Statement on the LUFC Fan Token

Yesterday many members and fans contacted the Trust, dismayed at the announcement of the new commercial partnership between Leeds United and Socios, the organisation behind a cryptocurrency-based fan token.

“Fan tokens”, adopted by some of the biggest football clubs across Europe, have been widely condemned by football fans as a means of monetising fan engagement. Using cryptocurrency, fans will be able to purchase $LUFC tokens which will enable them to vote and interact with the club in ways that those without these tokens can’t. Not only will the value of these tokens fluctuate, but non-Leeds United fans will also be able to buy and sell them, potentially profiting financially while many Leeds fans lose out.

With the current ownership regime, we’ve seen many great initiatives and increasingly we feel united. There’s been the odd, rare misstep along the way. On balance those running the club get it more right than wrong and few would doubt their desire to be on the right side of these scales. Even with the very best intentions assessing how fans feel on a topic can be tough.

The Trust acts as a critical friend to the club, being an active part in discussions in these moments as well as many projects that have brought a sense of civic pride and togetherness between the Club, the fanbase and the city. On The European Super League, we stood side by side.

As a critical friend it isn’t the Trust’s place to vet commercial partnerships but rather to highlight when impact on fans may have been either poorly communicated or under explored. We believe that this is one of those moments.

We have received some answers as to what the partnership with Socios represents in terms of engagement and we have been told that opportunities for engagement and interaction will be around reasonably inconsequential topics, and will offer a way for many fans around the world to feel engaged. We feel that there are better ways to engage fans without monetisation, particularly when the monetisation is linked to cryptocurrency.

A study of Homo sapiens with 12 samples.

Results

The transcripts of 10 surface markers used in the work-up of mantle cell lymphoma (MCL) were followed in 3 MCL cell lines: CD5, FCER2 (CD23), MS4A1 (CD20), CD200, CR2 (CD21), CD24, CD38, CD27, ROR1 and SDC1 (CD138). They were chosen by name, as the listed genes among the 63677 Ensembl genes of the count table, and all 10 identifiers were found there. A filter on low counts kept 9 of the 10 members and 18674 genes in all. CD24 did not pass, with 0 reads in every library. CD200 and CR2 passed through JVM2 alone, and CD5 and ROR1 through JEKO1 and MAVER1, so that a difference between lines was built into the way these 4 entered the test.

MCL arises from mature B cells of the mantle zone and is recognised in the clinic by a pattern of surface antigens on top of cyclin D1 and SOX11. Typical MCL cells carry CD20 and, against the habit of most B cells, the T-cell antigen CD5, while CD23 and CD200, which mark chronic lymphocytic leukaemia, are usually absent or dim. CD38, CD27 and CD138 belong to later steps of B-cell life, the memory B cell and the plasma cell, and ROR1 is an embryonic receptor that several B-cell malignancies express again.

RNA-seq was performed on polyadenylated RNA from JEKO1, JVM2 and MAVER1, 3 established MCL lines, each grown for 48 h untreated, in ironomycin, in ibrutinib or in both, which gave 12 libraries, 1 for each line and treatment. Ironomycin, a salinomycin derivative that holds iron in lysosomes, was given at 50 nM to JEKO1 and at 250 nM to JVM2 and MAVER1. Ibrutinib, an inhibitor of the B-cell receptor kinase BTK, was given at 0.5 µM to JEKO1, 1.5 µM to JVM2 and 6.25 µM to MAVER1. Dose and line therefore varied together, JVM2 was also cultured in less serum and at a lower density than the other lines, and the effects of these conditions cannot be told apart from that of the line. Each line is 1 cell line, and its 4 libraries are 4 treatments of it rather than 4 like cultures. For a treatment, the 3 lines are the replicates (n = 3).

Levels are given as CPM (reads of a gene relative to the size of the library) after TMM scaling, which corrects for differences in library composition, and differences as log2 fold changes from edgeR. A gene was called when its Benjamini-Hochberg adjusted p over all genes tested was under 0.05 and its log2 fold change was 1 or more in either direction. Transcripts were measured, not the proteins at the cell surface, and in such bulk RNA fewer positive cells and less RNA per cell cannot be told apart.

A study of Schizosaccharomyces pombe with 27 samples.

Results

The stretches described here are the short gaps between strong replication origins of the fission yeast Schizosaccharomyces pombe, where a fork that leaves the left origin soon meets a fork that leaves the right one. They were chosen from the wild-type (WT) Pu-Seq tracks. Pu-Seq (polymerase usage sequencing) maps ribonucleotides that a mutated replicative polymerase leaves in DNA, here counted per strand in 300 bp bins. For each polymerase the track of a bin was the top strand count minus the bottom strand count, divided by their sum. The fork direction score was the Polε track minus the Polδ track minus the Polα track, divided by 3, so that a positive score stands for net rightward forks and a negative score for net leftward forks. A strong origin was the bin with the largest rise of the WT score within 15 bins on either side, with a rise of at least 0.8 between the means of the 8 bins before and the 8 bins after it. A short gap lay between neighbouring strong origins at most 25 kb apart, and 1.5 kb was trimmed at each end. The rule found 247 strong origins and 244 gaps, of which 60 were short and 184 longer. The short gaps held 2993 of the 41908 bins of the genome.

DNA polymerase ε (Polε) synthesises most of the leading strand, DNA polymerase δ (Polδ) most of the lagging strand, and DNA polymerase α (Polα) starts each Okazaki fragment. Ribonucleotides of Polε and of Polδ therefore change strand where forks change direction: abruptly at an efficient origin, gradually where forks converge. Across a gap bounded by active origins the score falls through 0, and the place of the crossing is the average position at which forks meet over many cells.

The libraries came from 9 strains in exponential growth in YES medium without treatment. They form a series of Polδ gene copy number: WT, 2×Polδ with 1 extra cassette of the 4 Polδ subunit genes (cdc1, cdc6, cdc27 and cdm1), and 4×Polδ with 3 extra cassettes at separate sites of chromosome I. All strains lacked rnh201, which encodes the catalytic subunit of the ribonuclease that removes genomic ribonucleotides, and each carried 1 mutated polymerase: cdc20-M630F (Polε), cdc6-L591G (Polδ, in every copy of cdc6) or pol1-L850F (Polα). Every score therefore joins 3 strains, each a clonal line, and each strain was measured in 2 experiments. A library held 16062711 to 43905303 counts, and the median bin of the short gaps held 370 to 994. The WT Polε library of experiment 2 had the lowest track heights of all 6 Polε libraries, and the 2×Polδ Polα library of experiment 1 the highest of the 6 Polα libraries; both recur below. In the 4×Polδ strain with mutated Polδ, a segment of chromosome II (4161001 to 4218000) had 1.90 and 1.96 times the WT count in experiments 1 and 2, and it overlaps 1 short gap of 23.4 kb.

At the recent government Fan Led Review, LUST spoke passionately about the importance of meaningful fan engagement being enshrined in football law. Leeds United’s partnership with Socios only emphasises that as we believe it isn’t meaningful and could be easily achieved without the underlying risks associated with cryptocurrency.

Cheaply priced tokens may be justified as a low-risk and fun way of interacting, however fans may be persuaded to take loyalty to new levels and vulnerable individuals could overstretch themselves with a desire to increase their engagement in the voting processes, even if this is just for fun. Fans will also be obliged to enter into a cryptocurrency ecosystem; something which many may have very little knowledge of. If football chooses to bring unregulated cryptocurrency into the game, we believe that clubs also need to provide education and guidance on the purpose and risks associated.

Fan tokens have been vehemently rejected by fan groups in this country, with the FSA and Trusts at West Ham United and Arsenal strongly opposing the concept. We add our voice to these other groups in expressing our distrust of these tokens and the implementation of cryptocurrency in football clubs.

We welcome further communication and clarification from the club.